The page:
19 August 2020 | By Myriam Charconnet
Tips and tricks

Becoming vegetarian or at least reducing your meat consumption (i.e. by adopting a flexitarian diet) is one of the most effective personal actions you can take to protect our planet. Intensive fishing and industrial meat farming are currently creating a real environmental disaster. So, how does it really make a difference when you pay attention to what you put on your plate?
 
Opting for a vegetarian or flexitarian diet reduces greenhouse gas emissions
 
Greenhouse gas emissions are particularly excessive when it comes to livestock farming. Accounting for 7 billion tons of CO2 per year and 14.5% of greenhouse gas emissions, livestock farming is one of the most polluting industries in the world. And these figures don’t include aquaculture and fishing, which only worsen the problem.
 
Eating meat has such a huge impact on the environment that making the decision to eat vegetarian one day a week would reduce your greenhouse gas emissions by more than buying local every single day!
 
 
What do you think the main cause of deforestation is worldwide? The answer is animal production. Entire hectares of forests are cut down to make space to grow the food that will feed the animals we eat.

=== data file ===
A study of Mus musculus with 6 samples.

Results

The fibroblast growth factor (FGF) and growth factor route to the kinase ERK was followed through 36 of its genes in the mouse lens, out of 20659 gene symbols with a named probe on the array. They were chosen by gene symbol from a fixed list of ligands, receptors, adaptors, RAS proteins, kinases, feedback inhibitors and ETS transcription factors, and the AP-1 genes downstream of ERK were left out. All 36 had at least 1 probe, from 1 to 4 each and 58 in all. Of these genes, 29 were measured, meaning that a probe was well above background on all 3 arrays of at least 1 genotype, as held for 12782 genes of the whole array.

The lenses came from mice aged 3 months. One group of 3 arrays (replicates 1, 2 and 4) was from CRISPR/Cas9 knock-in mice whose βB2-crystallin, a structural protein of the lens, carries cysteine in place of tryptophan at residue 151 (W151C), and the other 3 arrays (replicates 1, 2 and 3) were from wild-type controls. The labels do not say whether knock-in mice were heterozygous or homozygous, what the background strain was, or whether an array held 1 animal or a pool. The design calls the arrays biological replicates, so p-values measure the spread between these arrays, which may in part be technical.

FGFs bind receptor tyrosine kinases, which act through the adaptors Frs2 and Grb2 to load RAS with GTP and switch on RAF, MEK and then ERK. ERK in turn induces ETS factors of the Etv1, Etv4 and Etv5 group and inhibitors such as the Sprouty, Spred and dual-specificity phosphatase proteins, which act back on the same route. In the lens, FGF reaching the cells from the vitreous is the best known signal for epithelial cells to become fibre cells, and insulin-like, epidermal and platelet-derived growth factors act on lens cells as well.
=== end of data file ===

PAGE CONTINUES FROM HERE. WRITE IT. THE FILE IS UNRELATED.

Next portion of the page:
Cattle farming is responsible for more than half of the deforestation of the Amazon forest or up to 63%.
 
 
Opting for a vegetarian or flexitarian diet helps save water
 
Did you know that meat production requires an excessive amount of water? Water is needed to grow the grains that will feed the animals, for the animals to drink and to clean their carcasses. When you put all of this together, it means that tremendous amounts of water are used, far more than is required to produce plant-based foods.
 
An estimated 5m3 of water is needed to produce 1,000 calories of animal-based food, whereas only 1m3 is required to produce 1,000 calories of plant-based food.
 
 
Antibiotics, animal waste, chemicals, fertilizers, hormones, excrements and pesticides that are used to produce meat quickly make their way into the water and soil. This type of pollution then has a ripple effect on the surrounding species.
 
 
It’s definitely possible to eat a balanced diet with no animal protein and fully enjoy it! The internet is full of tasty recipes that will undoubtedly make you hungry.
 
So, you’re having a veggie pizza, right?



Communications Officer - Media Campaign

Myriam Charconnet

Passionate about wildlife and wide open spaces, Myriam is committed to protecting the environment, which has inspired her to focus her career in this sector. Strongly committed to the cause of animal justice, she is involved in various associations and animal shelters. Always eager to discover, she likes to travel, read, run to photo exhibitions and musical events, and… eat chocolate!